The risk of type 2 diabetes is more than halved by weekly injections of the new obesity drug semaglutide, which was recently approved in the US and has been provisionally approved in England, says a new study.
The researchers of the study, to be presented at the annual meeting of the European Association for the Study of Diabetes (EASD), said semaglutide reduces the future risk of diabetes by over 60 per cent in patients with obesity.
“Semaglutide appears to be the most effective medication to date for treating obesity and is beginning to close the gap with the amount of weight loss following bariatric surgery,” said researcher W. Timothy Garvey from the University of Alabama at Birmingham in the US.
Obesity is known to increase the risk of type 2 diabetes at least six-fold and the team was interested in understanding whether semaglutide could reduce this risk. To learn more, they conducted a new analysis of the data from two trials of semaglutide.
In STEP 1, 1,961 overweight or obese participants received an injection of 2.4 mg of semaglutide or a placebo weekly, for 68 weeks.
STEP 4 involved 803 participants with overweight or obesity. All received weekly injections of 2.4 mg semaglutide for 20 weeks. They then either remained on semaglutide or were switched to placebo for the next 48 weeks.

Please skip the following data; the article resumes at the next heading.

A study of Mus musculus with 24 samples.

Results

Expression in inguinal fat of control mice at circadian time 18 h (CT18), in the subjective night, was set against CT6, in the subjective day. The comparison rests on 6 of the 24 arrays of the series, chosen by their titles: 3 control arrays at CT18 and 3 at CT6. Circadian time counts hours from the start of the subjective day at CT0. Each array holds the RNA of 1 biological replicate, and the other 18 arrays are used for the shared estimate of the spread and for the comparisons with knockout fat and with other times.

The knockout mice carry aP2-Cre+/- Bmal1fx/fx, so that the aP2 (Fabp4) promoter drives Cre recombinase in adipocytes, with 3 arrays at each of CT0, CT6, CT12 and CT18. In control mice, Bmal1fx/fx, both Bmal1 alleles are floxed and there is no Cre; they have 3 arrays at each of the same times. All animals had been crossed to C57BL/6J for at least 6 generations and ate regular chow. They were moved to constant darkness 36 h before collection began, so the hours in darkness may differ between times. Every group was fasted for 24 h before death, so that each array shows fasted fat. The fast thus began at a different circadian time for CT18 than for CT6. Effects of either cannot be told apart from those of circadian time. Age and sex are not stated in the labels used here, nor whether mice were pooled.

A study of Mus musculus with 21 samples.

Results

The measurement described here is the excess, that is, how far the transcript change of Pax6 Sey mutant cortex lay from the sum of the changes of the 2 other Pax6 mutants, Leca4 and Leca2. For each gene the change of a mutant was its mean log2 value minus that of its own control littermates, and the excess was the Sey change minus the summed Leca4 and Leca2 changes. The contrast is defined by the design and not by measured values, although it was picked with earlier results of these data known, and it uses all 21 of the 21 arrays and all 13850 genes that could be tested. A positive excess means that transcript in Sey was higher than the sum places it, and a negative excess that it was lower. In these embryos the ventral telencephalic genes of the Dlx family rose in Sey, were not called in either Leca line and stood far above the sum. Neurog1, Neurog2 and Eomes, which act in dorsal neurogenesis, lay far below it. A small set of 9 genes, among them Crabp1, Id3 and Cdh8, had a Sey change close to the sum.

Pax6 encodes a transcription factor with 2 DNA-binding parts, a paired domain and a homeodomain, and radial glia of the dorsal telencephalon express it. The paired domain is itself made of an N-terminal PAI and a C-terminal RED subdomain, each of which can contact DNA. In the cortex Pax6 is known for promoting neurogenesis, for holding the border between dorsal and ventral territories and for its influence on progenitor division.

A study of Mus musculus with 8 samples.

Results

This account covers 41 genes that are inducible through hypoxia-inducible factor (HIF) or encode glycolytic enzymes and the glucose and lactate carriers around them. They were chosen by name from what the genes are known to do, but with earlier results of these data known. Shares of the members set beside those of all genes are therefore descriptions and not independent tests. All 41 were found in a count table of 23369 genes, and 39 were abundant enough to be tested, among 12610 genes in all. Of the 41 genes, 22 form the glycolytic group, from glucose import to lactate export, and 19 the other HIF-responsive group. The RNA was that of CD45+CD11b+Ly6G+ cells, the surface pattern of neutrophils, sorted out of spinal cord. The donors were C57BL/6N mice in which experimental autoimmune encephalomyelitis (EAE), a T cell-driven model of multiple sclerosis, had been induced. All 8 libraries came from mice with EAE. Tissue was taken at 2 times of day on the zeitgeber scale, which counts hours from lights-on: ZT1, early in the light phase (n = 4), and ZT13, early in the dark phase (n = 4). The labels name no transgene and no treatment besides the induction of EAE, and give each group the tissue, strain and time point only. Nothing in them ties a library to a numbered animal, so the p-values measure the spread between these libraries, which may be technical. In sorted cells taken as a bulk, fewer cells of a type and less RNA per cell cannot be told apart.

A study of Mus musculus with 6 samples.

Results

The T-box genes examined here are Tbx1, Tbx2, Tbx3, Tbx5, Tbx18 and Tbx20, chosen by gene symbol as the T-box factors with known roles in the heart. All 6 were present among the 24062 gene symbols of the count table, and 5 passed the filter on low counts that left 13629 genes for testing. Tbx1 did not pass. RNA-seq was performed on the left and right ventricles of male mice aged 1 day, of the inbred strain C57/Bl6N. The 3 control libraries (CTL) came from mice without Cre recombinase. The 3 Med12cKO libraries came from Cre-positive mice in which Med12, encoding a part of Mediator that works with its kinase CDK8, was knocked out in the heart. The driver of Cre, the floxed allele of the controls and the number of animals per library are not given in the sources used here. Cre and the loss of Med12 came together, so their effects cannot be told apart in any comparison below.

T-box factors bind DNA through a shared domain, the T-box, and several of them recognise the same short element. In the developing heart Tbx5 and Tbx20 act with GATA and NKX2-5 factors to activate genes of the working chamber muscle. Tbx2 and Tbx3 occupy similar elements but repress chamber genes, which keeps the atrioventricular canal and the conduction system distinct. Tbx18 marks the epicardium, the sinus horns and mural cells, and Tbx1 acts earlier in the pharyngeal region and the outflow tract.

In STEP 1 participants receiving semaglutide, 10-year risk scores for type 2 diabetes decreased by 61 per cent (from 18.2 per cent at week 0 to 7.1 per cent at week 68). This compares to a 13 per cent reduction in risk score for those given the placebo (17.8 per cent at week +0 to 15.6 per cent at week 68).
In the STEP 4 participants, the largest decreases in risk scores were seen in the first 20 weeks (from 20.6 per cent at week 0 to 11.4 per cent at week 20). In those who continued receiving semaglutide, the risk score decreased further to 7.7 per cent but in those who were switched to placebo, it rose to 15.4 per cent.